By Niina Bailey and Lucy Clark
Artificial Intelligence has been a big talking point in recent months, especially with the release of ChatGPT by OpenAI in November 2022. ChatGPT is a chatbot to which the public can ask questions and it will provide them with detailed answers. ChatGPT is currently the most popular and well-known chatbot, but its release has spurred competition from rival companies, with Google releasing its own chatbot Bard earlier than initially planned. While some have embraced this AI technology and have used ChatGPT to help them write essays and articles, others have expressed concern over the usage of it and what it could mean for a number of industries. The publishing industry is one such industry that could be significantly affected by using AI technology, especially in translating literature. For this issue, we wanted to take a look at how translation in the industry could be affected by AI and whether translation AI already exists.
One of the main concerns a lot of people have over the use of AI is that it will produce inaccurate work or errors. For example, ChatGPT will sometimes provide factually incorrect information and because it does so confidently, people are more likely to believe it. This is a significant problem with using AI for translation as AI struggles with the complexity and nuance of language. Google Translate, the most well-known translation AI, will often translate things wrong because it translates text literally and word-for-word, failing to take into account the context of the words. Translating texts wrong is even more likely in regards to literary translation as the language is often more complex than in regular speech.
Another major concern that people have is that AI will replace people and perform their jobs in their stead. Why would you need a person to write an article when ChatGPT can do it in a fraction of the time? Within the publishing industry, AI could replace translators, at least partly. Publishers could use AI to initially translate a book and then only hire a translator to fix the mistakes the AI makes. You might think that that is still a long time away from happening, but the technology is improving and translation AI is learning, which makes the publishing industry more likely to use it.
Understanding how different translation systems work is essential to seeing how AI will affect the translation industry. There are a number of different types of systems, the most successful of which is called Neural Machine Translation.
Neural Machine Translation (NMT)
Launched in 2016, the success of NMT has been due to its speed of translation as well as its translation accuracy as it boasts an impressive 60% reduction in translation errors compared to Statistical Machine Translation. This state-of-the-art machine translation approach utilises neural network techniques to predict the likelihood of a set of words in sequence, whether that’s a fragment of text or an entire document. What makes this system so effective and unique is the utilisation of a 'common language' made up of numbers. Individual words are encoded into numbers; these numbers enter the neural network. Then, based on the learnt language rules, a new set of numbers are produced which correspond to the most appropriate words in the target language. Essentially, this system approaches translation like the human brain: it takes the presented information, translates them into its own language, and then 'thinks' about the best way to make a comprehensible sentence.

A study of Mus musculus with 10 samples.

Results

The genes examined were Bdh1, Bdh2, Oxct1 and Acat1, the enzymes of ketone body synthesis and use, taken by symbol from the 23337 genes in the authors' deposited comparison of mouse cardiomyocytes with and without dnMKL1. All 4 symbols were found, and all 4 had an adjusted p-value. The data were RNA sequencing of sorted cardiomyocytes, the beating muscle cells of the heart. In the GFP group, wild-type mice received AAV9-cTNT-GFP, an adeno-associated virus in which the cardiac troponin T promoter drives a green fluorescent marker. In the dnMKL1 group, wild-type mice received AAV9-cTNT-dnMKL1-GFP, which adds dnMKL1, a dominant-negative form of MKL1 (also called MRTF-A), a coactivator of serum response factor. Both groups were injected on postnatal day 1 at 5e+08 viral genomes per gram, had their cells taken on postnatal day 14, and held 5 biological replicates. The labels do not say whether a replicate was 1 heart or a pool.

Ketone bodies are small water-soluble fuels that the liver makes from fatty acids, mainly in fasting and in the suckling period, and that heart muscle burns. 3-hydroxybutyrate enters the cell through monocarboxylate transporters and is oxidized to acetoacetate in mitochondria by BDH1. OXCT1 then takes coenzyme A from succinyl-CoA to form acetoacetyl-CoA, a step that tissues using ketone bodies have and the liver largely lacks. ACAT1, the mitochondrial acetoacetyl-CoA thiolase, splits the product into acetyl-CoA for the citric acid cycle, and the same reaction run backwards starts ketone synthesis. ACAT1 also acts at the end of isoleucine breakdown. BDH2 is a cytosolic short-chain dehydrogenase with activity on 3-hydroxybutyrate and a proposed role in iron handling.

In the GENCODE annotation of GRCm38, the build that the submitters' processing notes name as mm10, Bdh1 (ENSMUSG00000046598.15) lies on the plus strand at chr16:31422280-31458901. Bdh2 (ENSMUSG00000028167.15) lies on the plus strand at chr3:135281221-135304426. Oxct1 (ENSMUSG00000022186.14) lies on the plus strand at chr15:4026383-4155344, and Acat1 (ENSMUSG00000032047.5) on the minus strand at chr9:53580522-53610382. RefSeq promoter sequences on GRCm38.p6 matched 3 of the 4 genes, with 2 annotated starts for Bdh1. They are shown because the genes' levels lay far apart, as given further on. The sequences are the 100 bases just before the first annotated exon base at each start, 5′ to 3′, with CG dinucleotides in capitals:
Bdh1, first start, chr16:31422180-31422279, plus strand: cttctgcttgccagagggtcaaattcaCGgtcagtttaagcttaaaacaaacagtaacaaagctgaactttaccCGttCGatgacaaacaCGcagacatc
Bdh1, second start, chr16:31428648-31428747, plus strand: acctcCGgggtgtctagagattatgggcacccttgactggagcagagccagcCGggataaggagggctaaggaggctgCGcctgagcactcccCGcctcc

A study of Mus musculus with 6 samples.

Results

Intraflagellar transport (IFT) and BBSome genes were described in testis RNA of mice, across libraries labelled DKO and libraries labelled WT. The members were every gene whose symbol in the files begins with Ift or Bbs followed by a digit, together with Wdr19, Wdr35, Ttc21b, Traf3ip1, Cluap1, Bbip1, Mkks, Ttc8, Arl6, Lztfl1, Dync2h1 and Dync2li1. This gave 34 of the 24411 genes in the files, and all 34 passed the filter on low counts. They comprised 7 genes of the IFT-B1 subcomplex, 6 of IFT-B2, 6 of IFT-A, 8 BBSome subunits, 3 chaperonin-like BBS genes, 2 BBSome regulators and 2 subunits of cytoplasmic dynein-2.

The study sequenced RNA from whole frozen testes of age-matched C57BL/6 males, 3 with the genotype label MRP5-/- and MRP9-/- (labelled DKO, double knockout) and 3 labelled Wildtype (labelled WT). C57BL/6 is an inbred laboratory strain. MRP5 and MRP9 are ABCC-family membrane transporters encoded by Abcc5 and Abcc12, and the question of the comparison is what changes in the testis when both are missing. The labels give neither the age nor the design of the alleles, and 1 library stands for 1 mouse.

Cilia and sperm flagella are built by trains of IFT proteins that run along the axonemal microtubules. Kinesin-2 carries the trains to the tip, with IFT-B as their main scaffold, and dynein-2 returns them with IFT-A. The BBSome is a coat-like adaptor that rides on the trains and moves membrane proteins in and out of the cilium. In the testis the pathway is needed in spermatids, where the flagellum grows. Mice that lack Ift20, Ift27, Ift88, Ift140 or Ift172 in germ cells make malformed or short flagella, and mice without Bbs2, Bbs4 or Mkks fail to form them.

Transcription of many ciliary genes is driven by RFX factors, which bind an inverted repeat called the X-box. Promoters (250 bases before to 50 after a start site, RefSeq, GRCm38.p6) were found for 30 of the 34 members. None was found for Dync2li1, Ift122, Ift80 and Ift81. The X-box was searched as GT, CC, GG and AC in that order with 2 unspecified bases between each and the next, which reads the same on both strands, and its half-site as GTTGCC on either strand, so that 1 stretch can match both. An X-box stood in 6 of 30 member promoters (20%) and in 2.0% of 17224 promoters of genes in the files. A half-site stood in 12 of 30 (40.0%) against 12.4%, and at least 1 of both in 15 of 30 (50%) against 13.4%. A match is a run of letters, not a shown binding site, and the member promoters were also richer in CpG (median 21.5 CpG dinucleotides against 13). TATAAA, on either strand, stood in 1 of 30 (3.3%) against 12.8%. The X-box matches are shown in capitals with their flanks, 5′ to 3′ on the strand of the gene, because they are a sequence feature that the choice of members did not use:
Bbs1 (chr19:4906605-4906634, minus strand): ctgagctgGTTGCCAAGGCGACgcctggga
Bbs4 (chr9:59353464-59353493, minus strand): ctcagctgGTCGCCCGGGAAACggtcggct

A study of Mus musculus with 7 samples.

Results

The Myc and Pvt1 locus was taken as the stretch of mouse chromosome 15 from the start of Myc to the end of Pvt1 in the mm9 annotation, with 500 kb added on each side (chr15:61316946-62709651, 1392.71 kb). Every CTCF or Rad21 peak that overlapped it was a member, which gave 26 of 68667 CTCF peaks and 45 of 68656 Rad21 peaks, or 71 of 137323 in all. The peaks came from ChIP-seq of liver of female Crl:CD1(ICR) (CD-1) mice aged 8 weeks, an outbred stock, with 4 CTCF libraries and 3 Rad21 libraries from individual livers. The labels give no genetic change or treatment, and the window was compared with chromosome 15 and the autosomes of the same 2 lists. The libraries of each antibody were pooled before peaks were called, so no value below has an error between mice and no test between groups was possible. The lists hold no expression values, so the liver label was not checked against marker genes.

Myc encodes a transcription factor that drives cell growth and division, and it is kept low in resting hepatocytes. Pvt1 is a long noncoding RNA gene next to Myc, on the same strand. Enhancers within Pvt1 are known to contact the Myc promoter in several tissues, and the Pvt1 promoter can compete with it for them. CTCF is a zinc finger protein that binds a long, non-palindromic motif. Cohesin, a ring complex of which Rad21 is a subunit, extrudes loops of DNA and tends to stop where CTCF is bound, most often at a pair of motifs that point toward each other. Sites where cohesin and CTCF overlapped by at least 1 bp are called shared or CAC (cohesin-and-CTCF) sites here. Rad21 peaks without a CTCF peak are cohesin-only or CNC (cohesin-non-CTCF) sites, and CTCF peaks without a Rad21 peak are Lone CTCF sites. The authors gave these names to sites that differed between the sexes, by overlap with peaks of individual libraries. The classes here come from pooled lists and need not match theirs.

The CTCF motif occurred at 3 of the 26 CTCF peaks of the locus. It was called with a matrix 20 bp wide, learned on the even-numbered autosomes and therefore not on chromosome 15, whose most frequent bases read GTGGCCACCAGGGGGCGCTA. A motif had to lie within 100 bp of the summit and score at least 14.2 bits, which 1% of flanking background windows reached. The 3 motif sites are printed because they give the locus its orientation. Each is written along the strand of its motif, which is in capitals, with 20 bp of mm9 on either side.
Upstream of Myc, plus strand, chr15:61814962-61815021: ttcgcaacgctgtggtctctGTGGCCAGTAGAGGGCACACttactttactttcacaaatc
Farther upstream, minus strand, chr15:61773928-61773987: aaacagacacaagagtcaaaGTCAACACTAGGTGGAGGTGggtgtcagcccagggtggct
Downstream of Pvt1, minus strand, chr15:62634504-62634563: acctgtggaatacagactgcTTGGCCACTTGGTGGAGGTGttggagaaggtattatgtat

Although this very simplified outline of the workings of the system explains the process of translating individual words, the question remains: how does it produce accurate meaning? The key to this is NMT’s contextual approach to translation; it looks at the words that appear before and after rather than treating each word as an individual translation. To go one step further, this system actually learns over time, allowing the system to continuously improve.
AI and the future of publishing
These are, of course, impressive technological advances; however, it does bring into question what will happen to human translators. Since literary translation is so much more than content as it requires the translator to take into account literary style, will AI be able to achieve a full translation of texts? Perhaps the result will be a hybrid approach to literary translation where AI is used to create a first draft of the text, which the translator will then be able to use to produce a final translation. However, a writer’s voice is incredibly nuanced, and some literary styles are more obvious, while others are more subtle. No matter the style, the effect is that the reader experiences a text in a certain way, so in literary translation, the content and style need to be translated with care to achieve this. Despite the advancements in translation technology, it is clear there will remain, for some time, the need for human translators. The flexibility and natural ambiguity of the human language means literary translation will remain a 'human job' for the time being as machines are not yet able to untangle its complexities.